How to Spot a Fake URL


Fake URLs can serve a variety of purposes. In some cases, they’re able to infect your devices with malware or even viruses. Other times, they pose as a real website, ask you to log in, and then steal your data. Thankfully, you can protect your privacy and safety online by learning how to spot a fake URL. There are a few different steps to follow:

  • Think before you click
  • Check shortened URLs
  • Look for misspellings
  • Keep an eye out for extra URL words
  • Contact the organization

Think Before You Click

Sometimes fake URLs are shared in social media posts. However, they most often come in the form of emails or personal messages. When you receive a link, think before you click it. Is it coming from someone who wouldn’t normally send you links to things? If the person you haven’t spoken to since high school sends you a link to sunglasses out of the blue, it might be a scam. Same with the clothing company you haven’t purchased from in five years sending you a link and claiming there’s a problem with your account. Of course, these links may be perfectly harmless but if they seem suspicious, dig a little deeper before deciding to click.

Check Shortened URLs for a Fake URL

Some URLs are really long and very sloppy to look at. In some cases, that may lead to businesses or individuals shortening a link to make it look nicer. However, shortening a link often changes the URL so much that you can’t tell where it leads to. By clicking that link, you may accidentally let malware in, or your data out, without even knowing it. So, before you click, do some digging. There are websites available (like CheckShortURL) that will probe a shortened link and tell you where it directs to without actually opening it.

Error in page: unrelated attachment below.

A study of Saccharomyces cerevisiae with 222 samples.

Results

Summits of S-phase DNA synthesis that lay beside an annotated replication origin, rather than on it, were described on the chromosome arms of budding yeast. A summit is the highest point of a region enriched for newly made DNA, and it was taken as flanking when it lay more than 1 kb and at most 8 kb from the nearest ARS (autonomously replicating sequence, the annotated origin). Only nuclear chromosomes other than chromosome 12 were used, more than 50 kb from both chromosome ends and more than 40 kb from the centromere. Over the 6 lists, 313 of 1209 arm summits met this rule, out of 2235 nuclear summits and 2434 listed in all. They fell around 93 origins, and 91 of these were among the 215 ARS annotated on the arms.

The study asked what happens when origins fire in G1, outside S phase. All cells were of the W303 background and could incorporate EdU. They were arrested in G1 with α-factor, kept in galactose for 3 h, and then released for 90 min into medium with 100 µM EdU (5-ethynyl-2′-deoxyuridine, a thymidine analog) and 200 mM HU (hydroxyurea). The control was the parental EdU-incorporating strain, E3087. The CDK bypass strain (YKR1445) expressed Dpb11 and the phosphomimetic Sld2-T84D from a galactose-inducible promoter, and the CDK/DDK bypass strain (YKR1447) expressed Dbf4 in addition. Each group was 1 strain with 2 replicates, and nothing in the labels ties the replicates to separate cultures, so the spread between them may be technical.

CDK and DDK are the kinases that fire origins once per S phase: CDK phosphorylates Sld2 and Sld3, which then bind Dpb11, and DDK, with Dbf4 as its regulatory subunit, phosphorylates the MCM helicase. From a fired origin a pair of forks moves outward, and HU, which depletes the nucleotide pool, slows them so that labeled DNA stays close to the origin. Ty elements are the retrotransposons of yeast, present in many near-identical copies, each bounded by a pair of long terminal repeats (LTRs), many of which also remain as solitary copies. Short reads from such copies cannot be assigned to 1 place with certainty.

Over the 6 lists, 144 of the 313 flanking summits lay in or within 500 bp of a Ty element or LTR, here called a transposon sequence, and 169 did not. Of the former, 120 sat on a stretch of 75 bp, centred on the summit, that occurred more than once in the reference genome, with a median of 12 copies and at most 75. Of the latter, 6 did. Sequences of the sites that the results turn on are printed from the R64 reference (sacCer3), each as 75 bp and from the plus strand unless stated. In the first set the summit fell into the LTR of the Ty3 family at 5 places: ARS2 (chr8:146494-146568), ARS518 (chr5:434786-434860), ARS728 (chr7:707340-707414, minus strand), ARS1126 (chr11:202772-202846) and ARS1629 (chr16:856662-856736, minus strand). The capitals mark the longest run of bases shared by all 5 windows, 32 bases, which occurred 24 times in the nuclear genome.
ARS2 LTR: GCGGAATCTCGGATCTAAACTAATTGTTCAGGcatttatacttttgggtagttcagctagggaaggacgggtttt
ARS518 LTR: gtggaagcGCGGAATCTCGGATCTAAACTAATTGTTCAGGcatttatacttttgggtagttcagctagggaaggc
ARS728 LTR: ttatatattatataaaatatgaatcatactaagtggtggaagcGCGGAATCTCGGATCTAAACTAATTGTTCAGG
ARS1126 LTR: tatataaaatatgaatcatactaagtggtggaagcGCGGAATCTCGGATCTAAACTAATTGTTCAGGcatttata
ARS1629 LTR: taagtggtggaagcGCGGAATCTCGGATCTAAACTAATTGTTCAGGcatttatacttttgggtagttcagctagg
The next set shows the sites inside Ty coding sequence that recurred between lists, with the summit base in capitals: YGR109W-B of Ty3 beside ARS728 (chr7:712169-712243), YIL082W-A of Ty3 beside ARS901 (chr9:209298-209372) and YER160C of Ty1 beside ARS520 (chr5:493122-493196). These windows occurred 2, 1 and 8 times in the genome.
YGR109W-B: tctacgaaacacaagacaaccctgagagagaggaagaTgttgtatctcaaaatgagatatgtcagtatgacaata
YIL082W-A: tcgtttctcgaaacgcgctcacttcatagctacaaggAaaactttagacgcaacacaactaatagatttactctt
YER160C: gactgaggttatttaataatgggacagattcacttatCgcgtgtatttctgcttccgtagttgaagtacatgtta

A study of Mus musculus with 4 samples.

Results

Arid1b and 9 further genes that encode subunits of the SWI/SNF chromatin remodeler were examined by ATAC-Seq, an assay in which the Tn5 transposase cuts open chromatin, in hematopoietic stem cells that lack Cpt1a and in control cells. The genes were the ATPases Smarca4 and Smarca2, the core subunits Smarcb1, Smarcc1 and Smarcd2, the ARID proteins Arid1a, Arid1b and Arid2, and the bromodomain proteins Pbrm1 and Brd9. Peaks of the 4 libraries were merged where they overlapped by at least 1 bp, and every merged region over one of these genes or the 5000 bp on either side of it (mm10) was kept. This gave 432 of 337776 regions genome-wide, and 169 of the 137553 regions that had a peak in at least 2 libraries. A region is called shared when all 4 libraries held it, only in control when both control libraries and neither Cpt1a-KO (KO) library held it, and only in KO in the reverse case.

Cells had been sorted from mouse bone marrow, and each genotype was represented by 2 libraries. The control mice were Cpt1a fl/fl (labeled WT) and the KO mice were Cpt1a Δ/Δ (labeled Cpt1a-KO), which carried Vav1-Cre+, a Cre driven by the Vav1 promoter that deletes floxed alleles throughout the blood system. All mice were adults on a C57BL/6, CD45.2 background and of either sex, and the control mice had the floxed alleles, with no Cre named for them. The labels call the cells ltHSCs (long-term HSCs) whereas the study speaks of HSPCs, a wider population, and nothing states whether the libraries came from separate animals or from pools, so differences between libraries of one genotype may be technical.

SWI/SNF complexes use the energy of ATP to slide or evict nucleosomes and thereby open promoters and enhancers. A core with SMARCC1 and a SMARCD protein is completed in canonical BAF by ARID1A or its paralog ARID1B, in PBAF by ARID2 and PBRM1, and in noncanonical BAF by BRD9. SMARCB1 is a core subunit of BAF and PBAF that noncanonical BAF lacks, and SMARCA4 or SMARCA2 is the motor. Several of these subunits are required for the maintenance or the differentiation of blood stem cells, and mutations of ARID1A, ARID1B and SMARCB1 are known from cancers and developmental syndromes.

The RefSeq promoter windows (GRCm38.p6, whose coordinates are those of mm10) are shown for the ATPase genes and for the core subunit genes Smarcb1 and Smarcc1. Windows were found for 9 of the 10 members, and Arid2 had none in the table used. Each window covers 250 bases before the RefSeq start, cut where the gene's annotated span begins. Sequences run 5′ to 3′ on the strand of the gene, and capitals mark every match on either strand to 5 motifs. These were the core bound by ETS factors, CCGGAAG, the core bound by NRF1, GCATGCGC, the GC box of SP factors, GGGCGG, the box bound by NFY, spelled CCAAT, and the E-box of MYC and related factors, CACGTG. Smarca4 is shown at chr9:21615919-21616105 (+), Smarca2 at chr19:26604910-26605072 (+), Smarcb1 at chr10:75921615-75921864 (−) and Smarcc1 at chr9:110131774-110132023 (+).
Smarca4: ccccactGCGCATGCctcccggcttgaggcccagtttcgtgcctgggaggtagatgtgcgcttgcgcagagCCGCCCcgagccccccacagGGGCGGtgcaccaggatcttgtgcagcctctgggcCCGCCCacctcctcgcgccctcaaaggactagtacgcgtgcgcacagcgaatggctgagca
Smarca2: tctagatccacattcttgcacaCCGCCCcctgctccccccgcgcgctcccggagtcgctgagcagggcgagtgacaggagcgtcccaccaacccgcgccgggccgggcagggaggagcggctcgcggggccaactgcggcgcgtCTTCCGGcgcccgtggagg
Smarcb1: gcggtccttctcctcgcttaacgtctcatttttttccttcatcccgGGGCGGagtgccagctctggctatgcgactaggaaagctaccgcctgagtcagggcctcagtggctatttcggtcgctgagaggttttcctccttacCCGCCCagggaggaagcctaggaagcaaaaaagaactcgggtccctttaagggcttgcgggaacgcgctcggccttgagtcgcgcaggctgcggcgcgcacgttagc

Look for Misspellings

Sometimes, a link may be sent to you from an email posing as an organization or person who may actually reach out to you. They most commonly copy businesses with mailing lists or banking/financial institutions. Before you click the link, scan it for misspellings. If you routinely shop at realbusiness.com but the link says realbasinuess.com, stop there. It’s almost definitely a fake link that you don’t want to click. If the link is spelled correctly but you’re still suspicious, move to the next step.

Keep an Eye Out for Extra URL Words

Another common trick to misdirect you into thinking a fake link is real is to add extra words into a URL. For example, realbusiness.com becomes realbusiness.com.extrawordhere.com. This is a more nefarious way of tricking you because real websites do modify their URLs to differentiate between pages. If you still aren’t able to ascertain whether or not a link is real, then using the final step is your best option.

Contact the Organization

The most surefire way to know if a link is real or not is to contact the business that (supposedly) sent it. Don’t use any information in the same email as the suspicious link (since they’ll use their own) but instead find contact information on the real website of the business in question. You may have to wait a day or two to receive a response about the link, but it’s better to wait than to regret hastily clicking a bad link.

Following these steps will help make sure you stay safe and private online.